While we have been looking at the misfortunes of WeWork and the growing disillusion with the co-working industry, often we ignore that most of us seem to be working in some sort of co-working space. We often forget that the evolution of office spaces has drastically changed the traditional working culture.

A recent Harvard Business Review study with WeWork (yes, we know) seems to correlate what industry insiders have been saying for a while, there are a lot of tangible and intangible benefits of co-working spaces. From the usual flexibility benefits to the perception benefits of working in a professional space – the co-working space seems to have its benefits.

So while the rest of industry keeps on piling on the ailing WeWork and the industry in general, we look at some of the benefits and why it might just be the best option for you.

man in blue dress shirt sitting on rolling chair inside room with monitors

Providing flexibility for small businesses

Shorter leases and the benefits of a larger office structure can be very beneficial to small businesses looking for office space. Flexibility is often at the core of co-working spaces and even individuals have options to explore professional working environments that may sometimes not be available to them.

Co-working builds communities

Asia Pacific has over 11,000 co-working spaces, making it the largest co-working region. From what we can tell, users often feel a part of a productive and flourishing community.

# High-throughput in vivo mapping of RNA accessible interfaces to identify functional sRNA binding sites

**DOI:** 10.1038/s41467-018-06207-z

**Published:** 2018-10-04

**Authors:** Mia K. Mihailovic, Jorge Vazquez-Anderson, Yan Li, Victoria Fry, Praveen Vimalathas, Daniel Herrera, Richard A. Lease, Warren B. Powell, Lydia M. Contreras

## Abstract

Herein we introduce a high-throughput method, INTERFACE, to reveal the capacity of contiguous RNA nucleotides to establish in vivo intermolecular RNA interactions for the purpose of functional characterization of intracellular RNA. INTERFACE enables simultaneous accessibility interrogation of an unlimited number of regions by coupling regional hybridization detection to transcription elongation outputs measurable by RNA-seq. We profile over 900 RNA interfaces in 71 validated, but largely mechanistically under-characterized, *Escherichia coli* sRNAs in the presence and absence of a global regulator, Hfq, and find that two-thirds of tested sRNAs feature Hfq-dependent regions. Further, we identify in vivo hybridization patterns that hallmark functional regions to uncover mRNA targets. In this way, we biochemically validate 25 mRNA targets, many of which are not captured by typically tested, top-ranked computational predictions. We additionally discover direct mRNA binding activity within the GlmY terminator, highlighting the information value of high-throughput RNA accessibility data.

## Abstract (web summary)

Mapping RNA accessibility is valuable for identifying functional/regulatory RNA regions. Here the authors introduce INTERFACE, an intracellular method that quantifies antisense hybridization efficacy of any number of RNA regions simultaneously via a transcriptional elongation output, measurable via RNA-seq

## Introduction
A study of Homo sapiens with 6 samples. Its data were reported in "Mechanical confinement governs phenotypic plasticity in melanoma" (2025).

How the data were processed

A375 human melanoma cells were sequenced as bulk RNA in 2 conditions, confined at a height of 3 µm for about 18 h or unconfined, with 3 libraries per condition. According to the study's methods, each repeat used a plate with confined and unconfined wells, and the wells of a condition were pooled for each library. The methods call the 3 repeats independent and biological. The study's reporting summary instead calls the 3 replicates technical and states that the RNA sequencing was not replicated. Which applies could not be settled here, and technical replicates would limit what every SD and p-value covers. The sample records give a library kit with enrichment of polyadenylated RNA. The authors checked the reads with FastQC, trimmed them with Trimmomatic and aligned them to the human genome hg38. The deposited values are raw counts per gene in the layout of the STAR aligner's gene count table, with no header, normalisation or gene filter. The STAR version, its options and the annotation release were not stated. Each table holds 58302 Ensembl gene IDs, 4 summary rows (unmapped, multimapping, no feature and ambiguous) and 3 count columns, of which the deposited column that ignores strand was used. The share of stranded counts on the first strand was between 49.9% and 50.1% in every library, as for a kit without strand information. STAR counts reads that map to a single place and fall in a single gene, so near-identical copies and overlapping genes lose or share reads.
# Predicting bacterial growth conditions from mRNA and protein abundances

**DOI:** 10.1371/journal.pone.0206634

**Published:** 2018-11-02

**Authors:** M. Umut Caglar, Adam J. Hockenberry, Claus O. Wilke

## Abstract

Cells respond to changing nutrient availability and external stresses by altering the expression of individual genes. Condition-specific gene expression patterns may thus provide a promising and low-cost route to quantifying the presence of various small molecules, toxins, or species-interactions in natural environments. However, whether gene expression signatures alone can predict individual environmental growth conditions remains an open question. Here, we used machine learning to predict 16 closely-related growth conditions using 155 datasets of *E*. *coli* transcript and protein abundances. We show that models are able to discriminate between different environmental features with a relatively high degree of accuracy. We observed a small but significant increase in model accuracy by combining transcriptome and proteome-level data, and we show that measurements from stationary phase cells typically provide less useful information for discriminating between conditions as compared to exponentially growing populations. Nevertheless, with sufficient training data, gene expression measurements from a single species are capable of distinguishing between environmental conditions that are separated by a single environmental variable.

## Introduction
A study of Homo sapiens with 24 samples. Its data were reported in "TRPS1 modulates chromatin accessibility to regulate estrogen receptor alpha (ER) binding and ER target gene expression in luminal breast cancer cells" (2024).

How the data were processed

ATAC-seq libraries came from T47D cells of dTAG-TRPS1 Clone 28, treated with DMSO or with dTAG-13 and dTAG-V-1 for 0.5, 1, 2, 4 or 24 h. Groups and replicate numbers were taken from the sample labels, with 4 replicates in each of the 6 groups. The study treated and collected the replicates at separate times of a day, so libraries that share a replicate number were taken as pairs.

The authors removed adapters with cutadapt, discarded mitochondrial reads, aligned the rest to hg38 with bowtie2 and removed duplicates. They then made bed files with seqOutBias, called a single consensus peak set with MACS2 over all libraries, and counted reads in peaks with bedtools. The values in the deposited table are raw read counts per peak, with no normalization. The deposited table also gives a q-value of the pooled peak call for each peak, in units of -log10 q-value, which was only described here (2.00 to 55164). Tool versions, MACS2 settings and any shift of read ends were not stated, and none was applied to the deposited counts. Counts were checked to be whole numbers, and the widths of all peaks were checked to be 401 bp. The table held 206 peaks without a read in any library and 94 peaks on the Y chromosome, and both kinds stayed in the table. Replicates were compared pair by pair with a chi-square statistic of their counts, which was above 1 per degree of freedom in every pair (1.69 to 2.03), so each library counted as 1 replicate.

Here are the top 9 co-working spaces in Southeast Asia

If utilised properly, shared spaces can be a great place to collaborate with others and learn. However, the general wariness of strangers in many Asian cultures can often make the process slower than American or European co-working communities.

three men laughing while looking in the laptop inside room

Client perception and professionalism

Co-working spaces can help new businesses make a positive impression on potential clientele. Meeting your client at your neighbourhood coffee joint may not have the same impact as having them meet you in a large boardroom surrounded by a busy office.

This creates the perception of professionalism and corporate trust that some freelancers and small startups may struggle to create.

Employees feel the positive impact

Co-working spaces give some employees a sense of professionalism and credibility that traditional remote working can lack. While the prospect of working next to a beautiful beach is tempting, being professional and productive, often requires a more structured working environment.

It also has an impact of how others see you and your employees, as working from an actual workplace (as opposed to your house or cafe) is a sign to some that you take your work seriously and that others see you as a serious worker.

Creativity boost (for some)

green plant beside white desk

Some, not all, employees feel more creativity in co-working spaces as they traditionally mix professionalism with the more aspects of a working environment. From breakout rooms to more open concept offices, it does offer a break from the cubicles offices of the 90s.

If cultivated properly, a vibrant and exciting workplace can improve productivity in employees. Generally, co-working spaces offer different styles of work spaces so that they can cater to every individual or organization.